When I moved to Massachusetts and I introduced myself, I'd say I started my own agriculture consulting firm because I wanted to stay in food and agriculture and this region is not known for it. I met Peter after a year and we started The Grower and The Economist about 9 months later, but I still felt like much of my community was located in other places.

Three years later, I've happily revised my intro. Now, I say I started my own firm because I didn't know what work was being done in the region or how to connect it. In the last six months, I've found amazing people passionate about agriculture, food production, food systems, and food access. And in 2022, I hope to find more.

In November, I attended The Northeast Sustainable Agriculture Working Group (NESAWG) virtual conference. Not only did I attend the conference, but I participated. Through this participation, I met Chris Laughton, the Director of Knowledge Exchange at Farm Credit East. He is also an agricultural economist. After the conference, we had an intro call where I got to meet Chris and learn about Farm Credit East or rather what the New England agricultural landscape really looks like.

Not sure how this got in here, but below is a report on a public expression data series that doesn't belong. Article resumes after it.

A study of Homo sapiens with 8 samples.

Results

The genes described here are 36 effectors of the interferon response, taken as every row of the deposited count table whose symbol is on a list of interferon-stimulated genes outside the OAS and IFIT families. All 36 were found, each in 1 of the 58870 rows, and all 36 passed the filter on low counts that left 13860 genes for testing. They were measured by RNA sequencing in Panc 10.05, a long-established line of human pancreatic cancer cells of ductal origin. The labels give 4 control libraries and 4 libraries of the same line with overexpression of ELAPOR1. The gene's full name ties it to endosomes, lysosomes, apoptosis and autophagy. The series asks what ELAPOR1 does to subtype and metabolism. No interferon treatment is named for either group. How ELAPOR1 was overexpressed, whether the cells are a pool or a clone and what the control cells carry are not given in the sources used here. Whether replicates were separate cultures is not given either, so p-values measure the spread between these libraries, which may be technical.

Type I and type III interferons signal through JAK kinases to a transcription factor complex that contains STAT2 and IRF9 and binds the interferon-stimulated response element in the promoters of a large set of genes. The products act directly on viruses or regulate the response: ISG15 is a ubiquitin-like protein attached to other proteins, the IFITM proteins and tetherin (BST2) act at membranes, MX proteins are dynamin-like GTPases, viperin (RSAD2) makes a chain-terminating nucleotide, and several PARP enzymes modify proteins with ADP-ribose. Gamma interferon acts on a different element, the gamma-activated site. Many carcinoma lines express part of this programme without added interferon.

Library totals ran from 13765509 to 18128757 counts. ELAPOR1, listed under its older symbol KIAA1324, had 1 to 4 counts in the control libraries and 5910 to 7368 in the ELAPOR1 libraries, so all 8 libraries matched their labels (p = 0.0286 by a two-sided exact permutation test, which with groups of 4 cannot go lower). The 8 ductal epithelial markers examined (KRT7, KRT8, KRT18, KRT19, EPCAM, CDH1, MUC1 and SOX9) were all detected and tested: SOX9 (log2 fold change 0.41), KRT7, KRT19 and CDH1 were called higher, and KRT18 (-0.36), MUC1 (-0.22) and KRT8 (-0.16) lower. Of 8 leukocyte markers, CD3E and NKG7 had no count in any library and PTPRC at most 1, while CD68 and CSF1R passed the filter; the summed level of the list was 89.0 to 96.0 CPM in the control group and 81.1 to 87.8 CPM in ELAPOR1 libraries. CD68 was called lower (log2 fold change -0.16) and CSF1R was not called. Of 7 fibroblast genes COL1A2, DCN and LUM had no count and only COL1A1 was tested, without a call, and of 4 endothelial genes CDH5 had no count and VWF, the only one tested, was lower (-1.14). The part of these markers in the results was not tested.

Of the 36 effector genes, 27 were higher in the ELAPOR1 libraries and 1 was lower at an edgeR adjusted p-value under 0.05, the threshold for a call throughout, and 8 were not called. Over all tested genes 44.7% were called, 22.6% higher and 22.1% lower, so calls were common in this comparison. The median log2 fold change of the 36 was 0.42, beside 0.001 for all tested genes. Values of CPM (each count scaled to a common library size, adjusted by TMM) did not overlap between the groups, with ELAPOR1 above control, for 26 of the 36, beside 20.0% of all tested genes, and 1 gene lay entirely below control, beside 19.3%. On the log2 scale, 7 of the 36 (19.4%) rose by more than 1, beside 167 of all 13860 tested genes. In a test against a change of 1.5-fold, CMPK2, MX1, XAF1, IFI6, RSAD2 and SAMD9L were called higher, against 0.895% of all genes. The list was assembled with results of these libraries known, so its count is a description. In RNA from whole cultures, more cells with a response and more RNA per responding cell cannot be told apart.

Agriculture in the region is diverse. There are $9 billion in assets across the 8 states that Farm Credit East represents. Dairy is the biggest sector and it only accounts for 25% of production value. No other sector accounts for more than 10% of production value. And, it's not just animal agriculture and crop production that are important, but also forestry and aquaculture. This diversity makes Chris' job very interesting and challenging at the same time. He writes reports and provides economic insights for producers in the region and after our brief discussion, he agreed to be a guest on The Grower and The Economist.

This week's episode features guest expert Chris Laughton. He is a grower and an economist all in one. His family owned a greenhouse operation and he majored in horticulture at Cornell University. When his father sold the business, Chris went to work for Farm Credit East and eventually went back for a Master of Science in Applied and Resource Economics from the University of Connecticut.

Chris is also the Program Manager for Farm Credit East's FarmStart: Seed Capital for Startup Farms program. This program has invested in entrepreneurs in agriculture, fishing, and forest products. There have been over 350 graduates in the past 20 years and many of these small businesses are still working today.

Listen to this week's episode of The Grower and The Economist to hear the entire interview with Chris. Visit his LinkedIn profile here.